The stark choices our leaders face ahead of 2017 elections

Saturday March 26 2016

Cabinet Secretary for Interior and Co-ordination of National Government, Joseph Nkaissery who on April 7, 2016 said amendments made in the National Police Service Act on the procedure for appointing a Deputy Inspector-General is lawful. PHOTO | JEFF ANGOTE | NATION MEDIA GROUP

Cabinet Secretary for Interior and Co-ordination of National Government, Joseph Nkaissery who on April 7, 2016 said amendments made in the National Police Service Act on the procedure for appointing a Deputy Inspector-General is lawful. PHOTO | JEFF ANGOTE | NATION MEDIA GROUP 

By MAINA KIAI

And just like prolonged heat and dry weather invariably leads to drought, famine and death in Kenya, the rising political temperatures can only mean troubles ahead.

But it need not be so. We now have the means to ensure that heat and drought do not lead to famine and death with proper planning and preparations, and we also have the tools to ensure that the political temperatures do not lead to chaos and crisis.

But that takes real political leadership especially from those running the state.

Given our recent history of violence, tribalism, intolerance, and corruption, if ever we needed sense, rationale, and calm from those in power, it is now.

WAYS TO GOVERN

There are basically two ways to govern as we head to elections: The first is the bullying, repressive, intimidating way that seeks to silence dissent, hoping that the show of force - real, imagined or threatened - will ensure subservience to enable those in power to lord it over us, whenever they want.

More often than not, this approach means that devious, illegal and unpopular tactics are planned that require a subservient population.

This was the favoured tactic of the Jomo Kenyatta and Daniel Moi regime, facilitated by the old dictatorial Constitution.

It resulted in a Kenya that was cowed, brutalised and cannibalised as thieves and killers took prime positions of power and influence.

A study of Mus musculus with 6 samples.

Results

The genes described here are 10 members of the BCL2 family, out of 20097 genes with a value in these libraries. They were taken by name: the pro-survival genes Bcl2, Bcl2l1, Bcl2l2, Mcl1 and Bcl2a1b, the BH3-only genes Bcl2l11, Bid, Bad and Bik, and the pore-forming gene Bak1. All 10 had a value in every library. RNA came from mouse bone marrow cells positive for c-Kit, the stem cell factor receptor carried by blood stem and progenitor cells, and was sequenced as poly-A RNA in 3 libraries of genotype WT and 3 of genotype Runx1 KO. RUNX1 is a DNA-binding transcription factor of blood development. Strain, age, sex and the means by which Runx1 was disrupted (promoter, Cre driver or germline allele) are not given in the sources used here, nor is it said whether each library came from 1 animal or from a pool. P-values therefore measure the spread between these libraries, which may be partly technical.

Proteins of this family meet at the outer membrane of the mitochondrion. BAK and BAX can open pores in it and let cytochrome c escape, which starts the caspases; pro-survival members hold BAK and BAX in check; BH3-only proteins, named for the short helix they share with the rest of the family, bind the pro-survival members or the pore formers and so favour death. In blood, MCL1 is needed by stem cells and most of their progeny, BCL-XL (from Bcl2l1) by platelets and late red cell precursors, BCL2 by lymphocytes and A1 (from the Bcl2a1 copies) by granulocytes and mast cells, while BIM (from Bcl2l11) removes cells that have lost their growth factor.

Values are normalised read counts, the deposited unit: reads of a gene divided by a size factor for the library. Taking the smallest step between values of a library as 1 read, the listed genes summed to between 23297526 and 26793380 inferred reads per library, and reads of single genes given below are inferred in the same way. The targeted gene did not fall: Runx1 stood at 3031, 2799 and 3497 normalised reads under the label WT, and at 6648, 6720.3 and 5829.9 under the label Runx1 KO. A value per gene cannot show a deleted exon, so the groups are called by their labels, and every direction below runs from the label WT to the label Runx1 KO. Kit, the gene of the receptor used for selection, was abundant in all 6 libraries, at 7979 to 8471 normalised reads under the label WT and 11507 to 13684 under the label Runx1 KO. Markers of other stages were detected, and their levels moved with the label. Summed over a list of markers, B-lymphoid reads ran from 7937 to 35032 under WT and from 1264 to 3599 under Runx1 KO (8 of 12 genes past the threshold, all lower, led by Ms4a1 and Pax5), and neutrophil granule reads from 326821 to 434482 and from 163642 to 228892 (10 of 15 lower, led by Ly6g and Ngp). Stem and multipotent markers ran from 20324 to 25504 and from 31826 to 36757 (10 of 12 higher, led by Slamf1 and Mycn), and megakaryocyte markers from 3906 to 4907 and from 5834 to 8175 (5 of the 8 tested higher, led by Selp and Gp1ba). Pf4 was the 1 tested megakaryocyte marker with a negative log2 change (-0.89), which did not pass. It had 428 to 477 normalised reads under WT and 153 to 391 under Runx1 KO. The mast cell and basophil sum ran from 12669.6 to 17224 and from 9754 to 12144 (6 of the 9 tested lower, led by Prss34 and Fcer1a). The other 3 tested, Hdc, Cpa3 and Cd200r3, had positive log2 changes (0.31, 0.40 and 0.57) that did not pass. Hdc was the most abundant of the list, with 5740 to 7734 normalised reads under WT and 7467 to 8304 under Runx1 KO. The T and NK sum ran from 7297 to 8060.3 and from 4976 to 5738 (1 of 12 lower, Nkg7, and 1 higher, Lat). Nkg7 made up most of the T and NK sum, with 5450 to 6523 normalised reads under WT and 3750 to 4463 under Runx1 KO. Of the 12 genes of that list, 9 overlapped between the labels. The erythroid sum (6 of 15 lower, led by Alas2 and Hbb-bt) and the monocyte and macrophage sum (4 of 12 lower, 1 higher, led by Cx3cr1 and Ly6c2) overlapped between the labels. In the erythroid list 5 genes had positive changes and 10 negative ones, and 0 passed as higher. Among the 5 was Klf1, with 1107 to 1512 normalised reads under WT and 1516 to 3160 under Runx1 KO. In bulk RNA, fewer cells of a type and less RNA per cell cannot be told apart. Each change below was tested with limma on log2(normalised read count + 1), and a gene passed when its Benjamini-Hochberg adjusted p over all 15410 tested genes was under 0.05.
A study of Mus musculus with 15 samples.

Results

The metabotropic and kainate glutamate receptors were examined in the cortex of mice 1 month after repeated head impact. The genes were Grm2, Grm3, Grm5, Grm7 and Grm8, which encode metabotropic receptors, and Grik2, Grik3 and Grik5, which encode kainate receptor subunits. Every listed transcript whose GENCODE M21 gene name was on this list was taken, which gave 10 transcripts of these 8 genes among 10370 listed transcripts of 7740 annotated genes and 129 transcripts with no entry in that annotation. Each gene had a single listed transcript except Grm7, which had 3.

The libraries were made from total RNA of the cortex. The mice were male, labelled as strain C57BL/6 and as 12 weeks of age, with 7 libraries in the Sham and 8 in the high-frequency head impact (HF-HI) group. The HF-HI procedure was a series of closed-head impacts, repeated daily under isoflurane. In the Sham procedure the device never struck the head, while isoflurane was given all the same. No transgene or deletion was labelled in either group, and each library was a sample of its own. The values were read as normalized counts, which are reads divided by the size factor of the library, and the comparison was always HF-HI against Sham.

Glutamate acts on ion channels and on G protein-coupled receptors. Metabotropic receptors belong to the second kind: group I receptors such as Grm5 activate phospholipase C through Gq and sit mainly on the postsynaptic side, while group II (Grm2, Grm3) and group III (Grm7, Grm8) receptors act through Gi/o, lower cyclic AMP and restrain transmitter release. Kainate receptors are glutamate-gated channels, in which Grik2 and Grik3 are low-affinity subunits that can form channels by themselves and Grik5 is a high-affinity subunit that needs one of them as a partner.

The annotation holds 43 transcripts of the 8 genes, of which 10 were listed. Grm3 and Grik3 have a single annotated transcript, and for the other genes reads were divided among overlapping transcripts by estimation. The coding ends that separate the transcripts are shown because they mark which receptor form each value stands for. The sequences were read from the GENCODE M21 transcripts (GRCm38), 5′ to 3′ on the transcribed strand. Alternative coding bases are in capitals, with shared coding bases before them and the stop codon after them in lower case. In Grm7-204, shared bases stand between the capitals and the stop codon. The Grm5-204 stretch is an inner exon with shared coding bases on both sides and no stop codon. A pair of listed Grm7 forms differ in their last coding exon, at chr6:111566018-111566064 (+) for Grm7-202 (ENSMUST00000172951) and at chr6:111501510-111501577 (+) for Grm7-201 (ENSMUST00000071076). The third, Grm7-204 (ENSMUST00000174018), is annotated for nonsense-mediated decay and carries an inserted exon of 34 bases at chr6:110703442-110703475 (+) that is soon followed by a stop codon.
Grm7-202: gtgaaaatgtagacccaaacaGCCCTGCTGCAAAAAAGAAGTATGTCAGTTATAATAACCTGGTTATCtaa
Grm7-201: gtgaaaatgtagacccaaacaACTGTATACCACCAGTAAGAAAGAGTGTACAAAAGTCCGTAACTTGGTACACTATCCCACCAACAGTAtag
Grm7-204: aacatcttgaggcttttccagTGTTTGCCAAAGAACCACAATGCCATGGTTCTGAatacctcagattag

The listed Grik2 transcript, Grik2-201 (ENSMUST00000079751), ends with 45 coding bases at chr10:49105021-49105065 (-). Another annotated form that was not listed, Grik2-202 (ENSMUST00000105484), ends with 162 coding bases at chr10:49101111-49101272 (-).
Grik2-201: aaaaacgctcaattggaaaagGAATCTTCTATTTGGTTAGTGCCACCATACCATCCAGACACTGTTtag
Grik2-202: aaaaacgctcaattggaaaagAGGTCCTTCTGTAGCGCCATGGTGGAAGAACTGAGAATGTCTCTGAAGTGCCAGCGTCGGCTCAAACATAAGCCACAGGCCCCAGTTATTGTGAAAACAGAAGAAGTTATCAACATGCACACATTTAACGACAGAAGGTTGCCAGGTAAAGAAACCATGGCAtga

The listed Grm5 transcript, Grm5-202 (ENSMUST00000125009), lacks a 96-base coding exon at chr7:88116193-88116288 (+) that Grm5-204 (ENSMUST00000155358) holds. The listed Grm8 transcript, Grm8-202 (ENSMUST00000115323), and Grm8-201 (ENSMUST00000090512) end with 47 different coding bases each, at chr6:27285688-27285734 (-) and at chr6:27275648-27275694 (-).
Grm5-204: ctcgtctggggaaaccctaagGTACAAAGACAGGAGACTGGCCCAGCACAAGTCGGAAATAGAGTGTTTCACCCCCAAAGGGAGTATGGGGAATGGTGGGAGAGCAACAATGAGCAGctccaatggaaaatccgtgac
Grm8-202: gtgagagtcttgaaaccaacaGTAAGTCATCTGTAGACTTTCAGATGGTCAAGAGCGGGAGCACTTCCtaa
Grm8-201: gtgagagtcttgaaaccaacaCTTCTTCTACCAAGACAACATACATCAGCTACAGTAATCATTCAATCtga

Then there is the second way, which operates on the basis that Kenyans need and deserve respect, and which emphasises their humanity and centrality to the nation.

This way appreciates the ‘service’ part of public service, and highlights transparency, accountability, and humility, as the 2010 Constitution demands.

It is the way that seeks to ensure confidence and respect, not fear, in state institutions like the police, the election body, Judiciary and anti-corruption body.

The choice that those in power make is especially important during the elections period, which we have already started.

What they opt for speaks volumes on what to expect in the coming months, including how the elections will be conducted.

A heavy handed approach tells us that the elections will be messy, probably rigged and pre-determined; for the heavy handed way is not just about intimidation, but also to prepare for a further militarisation or securitisation process that limits our basic rights to expression, association and assembly.

NKAISSERY STATEMENTS

The recent bellicose statements and actions by Cabinet Secretary Joseph Nkaissery on Governor Hassan Joho’s guns fall smack into this negative outdated first way complete with a total ignorance of the law.

And then you add in his unbelievable remark that only four percent of police and immigration officers are corrupt.

Either CS Nkaissery does not live here any more, or he is imbibing something.

This approach and the police actions against the opposition at the coast following the Malindi by-elections only adds fuel to the fire.

It could well be that one or more of these leaders bear some responsibility for some of the violence witnessed in Malindi, but when there is total police silence on the vote buying, intimidation and incitement by Jubilee you know where we are headed.

And so too with the IEBC, which rejected signatures from the Okoa referendum.

Again, they could be right in this decision, but given its huge lack of credibility and perceived bias for Jubilee, why did they not simply conduct the verification exercise transparently, on camera and with agents and observers present?

This approach of secrecy will not help IEBC or ease the growing tensions in the country.

There are many other examples of this almost reflexive tendency to secrecy, force and intimidation.

But those in power should realise that we are no longer in the 1980s when fear was the norm. If this approach continues, prepare for a “fight fire with fire” reaction. And that will not be good for Kenya.


Never was her name uttered in any corruption, poaching or thieving scandal in a country where proximity to power always means unimaginable ill-gotten wealth.